Saturday, August 22, 2020

Love Me Like You Do: Fronto, Ad Ant. Imp. I.3 & 1.4

Although modern concepts of masculinity tend to discourage affection between men, this was not the case in ancient Rome. The correspondence between the Roman Emperor Marcus Aurelius and his mentor Marcus Cornelius Fronto reveals intimate details of their loving, supportive friendship.

Domino meo Antonino Augusto Fronto. 
1 Vidi pullulos tuos, quod quidem libentissime in vita mea viderim, tam simili facie tibi, ut nihil sit hoc simili similius. Feci prorsus compendium itineris Lorium usque, compendium viae lubricae, compendium clivorum arduorum. Tamen vidi te non exadversum modo, sed locupletius sive me ad dexteram sive ad sinistram convertissem. 2 Sunt autem dis juvantibus colore satis salubri, clamore forti. Panem alter tenebat bene candidum, ut puer regius, alter autem cibarium, plane ut a patre philosopho prognatus. Deos quaeso sit salvus sator, salva sint sata, salva seges sit, quae tam similes procreat. Nam etiam voculas quoque eorum audivi tam dulcis, tam venustas, ut orationis tuae lepidum illum et liquidum sonum nescio quo pacto in utriusque pipulo adgnoscerem. Jam tu igitur, nisi caves, superbiorem aliquanto me experiere: Habeo enim, quos pro te non oculis modo amem, sed etiam auribus. 

 Magistro meo salutem.
1 Vidi filiolos meos, cum eos tu vidisti; vidi et te, cum litteras tuas legerem. Oro te, mi magister, ama me, ut amas; ama me sic etiam quomodo istos parvolos nostros amas; nondum omne dixi, quod volo: Ama me, quomodo amasti*. 2 Haec ut scriberem, tuarum litterarum mira jucunditas produxit; nam de elegantia quid dicam, nisi te Latine loqui, nos ceteros neque Graece neque Latine. Domino meo fratri peto scriptites. Valde vult, ut hoc a te impetrem; desideria autem illius intemperantem me et violentum faciunt. Vale, mi jucundissime magister. nepotem tuum saluta. 
*amasti: ama[vi]sti 

--Fronto, Ad Anton. Imp. I.3, I.4 

  I, Fronto, greet my lord the Emperor Antoninus: 
I saw your little chickadees—the best sight I could ever see, since they look so much like you! It isn’t possible for there to be anything else closer to how you look. I took a shortcut on my way to Lorium, but it was slippery and a rough climb. I didn’t see you face-to-face, but I did see you every time I turned my head. The gods have blessed [your children] with healthy coloring and healthy lungs. One of your kids was holding a piece of white bread like the little princeling that he is; the other one held peasant bread, perfect for a philosopher’s son. God bless the farmer [Marcus], the field [his wife Faustina], and the harvest [their kids] he reaped so similar to himself. I even heard their little voices so sweet and charming, and somehow I recognized the charm of your mannerisms and the cadence of your voice coming from their little mouths. You’d better watch out, or you’ll find me even more boastful; for now I have little ones that I love as much as you, whom I love with not only my eyes, but with my ears as well.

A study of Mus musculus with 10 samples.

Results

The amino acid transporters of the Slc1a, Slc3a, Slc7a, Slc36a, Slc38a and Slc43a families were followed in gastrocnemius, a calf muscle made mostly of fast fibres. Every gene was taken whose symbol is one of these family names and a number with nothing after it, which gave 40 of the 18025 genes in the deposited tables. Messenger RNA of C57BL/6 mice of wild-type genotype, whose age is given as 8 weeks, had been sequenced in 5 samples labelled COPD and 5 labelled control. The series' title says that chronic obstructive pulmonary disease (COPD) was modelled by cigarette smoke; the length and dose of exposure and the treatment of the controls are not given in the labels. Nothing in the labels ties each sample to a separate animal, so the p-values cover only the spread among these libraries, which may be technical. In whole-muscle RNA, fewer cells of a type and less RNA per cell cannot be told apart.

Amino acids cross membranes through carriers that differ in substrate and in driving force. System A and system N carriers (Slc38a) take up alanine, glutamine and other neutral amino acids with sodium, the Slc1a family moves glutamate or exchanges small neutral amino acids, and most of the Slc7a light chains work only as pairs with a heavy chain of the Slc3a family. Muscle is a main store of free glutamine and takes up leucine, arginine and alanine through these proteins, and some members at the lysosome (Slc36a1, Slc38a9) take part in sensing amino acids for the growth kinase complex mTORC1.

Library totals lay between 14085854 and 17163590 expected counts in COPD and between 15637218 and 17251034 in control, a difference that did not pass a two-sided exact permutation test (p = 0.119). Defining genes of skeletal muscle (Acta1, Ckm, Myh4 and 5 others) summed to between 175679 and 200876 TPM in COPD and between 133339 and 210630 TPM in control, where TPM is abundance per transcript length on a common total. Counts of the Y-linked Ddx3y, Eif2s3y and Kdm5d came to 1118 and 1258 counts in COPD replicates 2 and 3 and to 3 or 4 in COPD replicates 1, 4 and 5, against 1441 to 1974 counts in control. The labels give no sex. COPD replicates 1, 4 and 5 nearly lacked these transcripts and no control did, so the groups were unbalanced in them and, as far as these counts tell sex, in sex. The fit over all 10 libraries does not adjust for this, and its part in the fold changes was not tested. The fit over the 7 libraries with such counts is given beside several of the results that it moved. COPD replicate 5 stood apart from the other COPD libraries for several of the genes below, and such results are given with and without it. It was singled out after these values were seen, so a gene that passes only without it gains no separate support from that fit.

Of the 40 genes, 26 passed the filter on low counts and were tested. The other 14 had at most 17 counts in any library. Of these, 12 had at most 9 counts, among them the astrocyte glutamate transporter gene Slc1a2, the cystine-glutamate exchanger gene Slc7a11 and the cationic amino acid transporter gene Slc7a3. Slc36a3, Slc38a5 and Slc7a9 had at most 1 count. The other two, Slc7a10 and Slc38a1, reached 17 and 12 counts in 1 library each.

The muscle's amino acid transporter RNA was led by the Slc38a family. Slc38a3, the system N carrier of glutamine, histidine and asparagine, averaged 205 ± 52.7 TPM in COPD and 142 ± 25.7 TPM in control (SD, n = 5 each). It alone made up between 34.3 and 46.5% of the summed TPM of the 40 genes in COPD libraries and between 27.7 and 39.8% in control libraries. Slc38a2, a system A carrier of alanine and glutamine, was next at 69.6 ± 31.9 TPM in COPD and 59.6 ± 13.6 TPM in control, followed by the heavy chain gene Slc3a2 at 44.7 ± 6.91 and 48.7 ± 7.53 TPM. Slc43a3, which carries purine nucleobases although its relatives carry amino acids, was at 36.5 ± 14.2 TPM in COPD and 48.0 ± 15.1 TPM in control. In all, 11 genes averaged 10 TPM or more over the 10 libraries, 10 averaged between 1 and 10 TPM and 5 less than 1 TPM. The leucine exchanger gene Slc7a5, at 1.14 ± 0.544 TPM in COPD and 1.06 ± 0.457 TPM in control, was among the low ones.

Hi to my mentor! 
Reading your letter, I could picture my little children as you saw them; I even saw you, too. I beg you, my mentor, love me as you do; love me as you love my little kids; I haven’t finished what I want to say: love me, as you have loved me. The utter joy of reading your letter has made me write this to you. For what can I say about the elegance of your letter, except that you are speaking Latin, but the rest of us speak neither Latin nor Greek. Please keep writing to my lord brother [Lucius Verus]. He wanted me to ask you, and his constant begging is making me aggravated and moody. Farewell, my most delightful mentor. Say hi to your grandson for me.



Name:  Marcus Cornelius Fronto  

Date:  100 – 160 CE

Works: Letters



Map of Roman Empire Divided into Regions



Fronto was a Roman statesman born in Cirta (Numidia, located in northern Africa) whose rhetorical and literary abilities earned him the nickname “Second Cicero.” He was tutor and mentor to the future Roman emperors Marcus Aurelius and Lucius Verus; his correspondence with them provides unique insight into the personal lives of much of the Antonine dynasty.


Early Roman Lit: through 2nd c BCE: Republican Rome: through 1st c. BCE; Golden Age: 70 BCE to 18 CE; Silver Age: 18 CE to 150 CE; Age of Conflict: 150 CE - 410 CE; Byzantine and Late Latin: after 410 CE

No comments:

Post a Comment

Note: Only a member of this blog may post a comment.